By Caitlin Johnston
Tampa Bay Times, St. Petersburg, Fla.
The entrepreneurs gathered their ideas, opened their Uber apps and fervently hoped to snag a ride with one of the 10 investors riding around Tampa Bay listening to 15-minute pitches Friday afternoon.
St. Petersburg businesswoman Sherry Sacino waited anxiously throughout the three-hour window for an available car to appear on her screen. By 1:15 p.m., just 45 minutes before the event would end, she gave up hope and decided to grab lunch at the Tavern at Bayboro. She had just ordered her food when a notification flashed across her screen.
Her Uber driver — and a local investor willing to potentially fund her project — were eight minutes away.
“It was absolutely wild,” Sacino said. “(The investor) seemed very engaged, she asked very relevant and solid questions, and she made me feel as though my project was valuable.”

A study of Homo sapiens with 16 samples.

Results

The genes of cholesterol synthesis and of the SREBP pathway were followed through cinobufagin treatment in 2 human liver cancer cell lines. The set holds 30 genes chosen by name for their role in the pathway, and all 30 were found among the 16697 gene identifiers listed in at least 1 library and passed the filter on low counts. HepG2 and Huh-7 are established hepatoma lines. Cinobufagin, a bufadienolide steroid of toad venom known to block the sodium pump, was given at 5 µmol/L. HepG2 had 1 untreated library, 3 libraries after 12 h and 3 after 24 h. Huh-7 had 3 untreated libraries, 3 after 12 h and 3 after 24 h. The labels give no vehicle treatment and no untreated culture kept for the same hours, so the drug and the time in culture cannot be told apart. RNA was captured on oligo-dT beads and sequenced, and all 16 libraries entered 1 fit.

Uber selected Tampa Bay as the third market for its Shark Tank-esque event, UberPitch, in which startup founders or budding entrepreneurs can use a special code to request an Uber ride with a potential investor. The ride is free.
“This doesn’t happen everywhere,” Florida Funders CEO Dave Chitester said. “They’re not doing it in Pittsburgh and Houston and Austin.”
Florida Funders is an online venture capital firm that participated in Friday’s UberPitch, along with investment firms Stonehenge, TiE Tampa Angel Forum, Innovations Capital Group and Tessitura Capital.
“They said we want to do this in Tampa Bay,” Chitester said. “We’re coming up as a noticeable startup hub nationally.”
The rideshare company, which has faced regulatory hurdles and backlash in Hillsborough County, previously tried UberPitch in San Francisco and Philadelphia. Its choice of Tampa Bay speaks to the area’s emerging startup status — and flies in the face of the 1 1/2 -year-long battle the company has waged against local regulators over insurance, permits and background checks.